Thursday, January 26, 2006

Being President Would Be Fun If It Wasn't For All These Laws

Today we have a very special message to the nation. Please listen carefully. We know you have been upset because of the revelations concerning the president's warrantless surveillance program. We understand your concern. In fact we share it, or better said, we shared it because our minds are now put at rest, and as an Ironicus Maximus Public Service we will now ease your furrowed brow.

There is no need to lose any more sleep (or freedoms) over the president's domestic surveillance...program because...perhaps you should sit down...are you ready? Because there is "no doubt" in the president's mind that it is legal.

Now, we're sure that America hating Osama lovers out there will ask how
can the president be sure that with all the voices he hears in his head he is getting correct information from this one?

OK that's a tough one, but as White House Press Secretary Scott McClellan said, "The president has been listening to these voices for a lot of years. He knows which ones to trust and which ones to ignore, and this is one he can trust."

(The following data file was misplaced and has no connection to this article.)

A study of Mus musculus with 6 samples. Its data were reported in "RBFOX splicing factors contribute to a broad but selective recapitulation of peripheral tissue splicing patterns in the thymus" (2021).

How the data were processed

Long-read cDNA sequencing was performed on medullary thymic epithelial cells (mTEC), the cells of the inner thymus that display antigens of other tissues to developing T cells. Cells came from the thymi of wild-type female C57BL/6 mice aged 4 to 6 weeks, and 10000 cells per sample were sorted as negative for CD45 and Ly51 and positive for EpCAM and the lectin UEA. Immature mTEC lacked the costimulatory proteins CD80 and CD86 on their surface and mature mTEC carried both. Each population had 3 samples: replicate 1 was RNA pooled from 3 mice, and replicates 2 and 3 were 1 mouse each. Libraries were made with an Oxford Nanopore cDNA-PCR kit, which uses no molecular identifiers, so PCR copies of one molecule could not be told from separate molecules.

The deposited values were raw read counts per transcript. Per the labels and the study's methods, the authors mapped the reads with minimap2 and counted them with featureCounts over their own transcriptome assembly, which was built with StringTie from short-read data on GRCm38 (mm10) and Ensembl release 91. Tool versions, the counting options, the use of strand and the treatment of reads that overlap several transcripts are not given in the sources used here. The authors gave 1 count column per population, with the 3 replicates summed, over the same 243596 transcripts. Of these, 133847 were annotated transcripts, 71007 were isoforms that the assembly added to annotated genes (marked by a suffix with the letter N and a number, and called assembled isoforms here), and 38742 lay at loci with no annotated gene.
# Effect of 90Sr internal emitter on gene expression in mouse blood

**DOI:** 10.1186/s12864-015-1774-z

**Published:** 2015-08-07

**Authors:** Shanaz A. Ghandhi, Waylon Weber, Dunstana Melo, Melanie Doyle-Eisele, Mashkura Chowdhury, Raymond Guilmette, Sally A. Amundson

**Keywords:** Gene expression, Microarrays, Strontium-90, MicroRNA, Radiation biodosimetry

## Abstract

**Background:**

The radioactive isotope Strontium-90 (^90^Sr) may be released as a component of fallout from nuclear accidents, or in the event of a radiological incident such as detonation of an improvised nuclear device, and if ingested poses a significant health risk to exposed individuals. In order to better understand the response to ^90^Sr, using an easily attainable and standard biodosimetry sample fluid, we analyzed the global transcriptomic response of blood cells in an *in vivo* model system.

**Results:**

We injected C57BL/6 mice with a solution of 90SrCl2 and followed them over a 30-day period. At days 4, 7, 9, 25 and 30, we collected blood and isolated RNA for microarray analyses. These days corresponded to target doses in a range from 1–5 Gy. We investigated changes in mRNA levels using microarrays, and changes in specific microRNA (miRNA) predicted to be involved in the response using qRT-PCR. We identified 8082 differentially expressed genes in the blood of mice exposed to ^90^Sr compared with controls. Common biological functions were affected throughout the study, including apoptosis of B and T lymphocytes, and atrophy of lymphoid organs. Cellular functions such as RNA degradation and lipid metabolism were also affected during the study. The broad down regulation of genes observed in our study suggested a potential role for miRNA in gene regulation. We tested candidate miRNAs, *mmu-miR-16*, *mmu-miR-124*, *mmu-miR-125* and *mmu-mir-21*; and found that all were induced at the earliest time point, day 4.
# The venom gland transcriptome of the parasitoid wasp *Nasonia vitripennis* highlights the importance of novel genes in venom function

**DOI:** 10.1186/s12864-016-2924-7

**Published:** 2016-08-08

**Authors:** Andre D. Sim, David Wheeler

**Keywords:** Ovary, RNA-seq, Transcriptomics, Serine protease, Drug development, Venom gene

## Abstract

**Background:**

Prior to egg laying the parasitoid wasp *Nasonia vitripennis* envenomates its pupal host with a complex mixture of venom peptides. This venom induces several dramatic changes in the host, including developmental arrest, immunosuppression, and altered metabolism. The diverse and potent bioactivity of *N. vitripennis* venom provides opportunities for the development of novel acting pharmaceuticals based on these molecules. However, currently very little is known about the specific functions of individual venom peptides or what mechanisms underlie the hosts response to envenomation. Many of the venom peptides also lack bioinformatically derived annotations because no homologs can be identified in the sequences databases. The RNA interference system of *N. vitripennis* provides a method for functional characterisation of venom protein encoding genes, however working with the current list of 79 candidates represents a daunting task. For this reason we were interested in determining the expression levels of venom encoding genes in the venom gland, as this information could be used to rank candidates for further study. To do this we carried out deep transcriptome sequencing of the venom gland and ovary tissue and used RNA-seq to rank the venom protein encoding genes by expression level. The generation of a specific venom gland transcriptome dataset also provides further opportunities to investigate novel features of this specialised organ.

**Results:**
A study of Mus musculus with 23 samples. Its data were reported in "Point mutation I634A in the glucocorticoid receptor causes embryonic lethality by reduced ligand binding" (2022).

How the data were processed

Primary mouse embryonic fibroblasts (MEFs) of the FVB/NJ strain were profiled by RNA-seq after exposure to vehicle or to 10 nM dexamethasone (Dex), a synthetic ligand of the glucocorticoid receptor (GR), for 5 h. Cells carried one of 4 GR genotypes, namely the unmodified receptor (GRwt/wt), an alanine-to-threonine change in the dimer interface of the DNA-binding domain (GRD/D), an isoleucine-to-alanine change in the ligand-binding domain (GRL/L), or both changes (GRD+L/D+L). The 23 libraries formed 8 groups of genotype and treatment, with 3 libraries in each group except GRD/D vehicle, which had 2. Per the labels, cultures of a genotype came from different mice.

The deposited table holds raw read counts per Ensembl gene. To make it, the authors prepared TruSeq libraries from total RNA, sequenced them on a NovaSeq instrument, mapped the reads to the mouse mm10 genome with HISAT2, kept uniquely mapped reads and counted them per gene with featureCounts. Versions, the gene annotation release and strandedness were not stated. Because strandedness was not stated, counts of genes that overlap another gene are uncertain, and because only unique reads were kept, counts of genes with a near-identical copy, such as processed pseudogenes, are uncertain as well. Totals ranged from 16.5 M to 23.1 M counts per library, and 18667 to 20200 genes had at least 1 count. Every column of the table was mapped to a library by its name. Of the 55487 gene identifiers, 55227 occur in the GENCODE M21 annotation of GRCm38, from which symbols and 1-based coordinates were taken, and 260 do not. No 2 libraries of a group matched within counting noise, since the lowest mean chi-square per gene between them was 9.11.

"The program's legal, it's designed to protect my incompetence, and it's got lots of flashing lights to look at," Bush told a White House news conference. "Trust me on this. Have I ever lied to you before?"

Democrats have accused the president of breaking the law in allowing eavesdropping on overseas communications to and from U.S. residents. "The president is not above the law. He is not a king, he's a public servant and he must act within the law," said Senate minority leader Harry Reid.

Reid later apologized for saying the president isn't above the law and promised to wash the Vice President's car for a week.

Asked if he would support efforts in Congress to spell out his authority to continue the eavesdropping program, Bush cited what he said was the extreme delicacy of his mental state. "You don't know how hard it is for me to I AM THE WAR PRESIDENT YOU WORM. BOW DOWN BEFORE ME! Excuse me, to keep control of the voices. They don't like to be contradicted."

"But it's important for people to understand that this program is so sensitive and so important that if information gets out to how we run it or how we operate it, it'll prove that we got nothing and are just on this huge fishing expedition," he said.

"We'll listen to ideas without laughing. In your face anyway. But I want to make sure that people understand that if the attempt to write law makes this program -- is likely to make this program constitutional, I'll resist it," he said.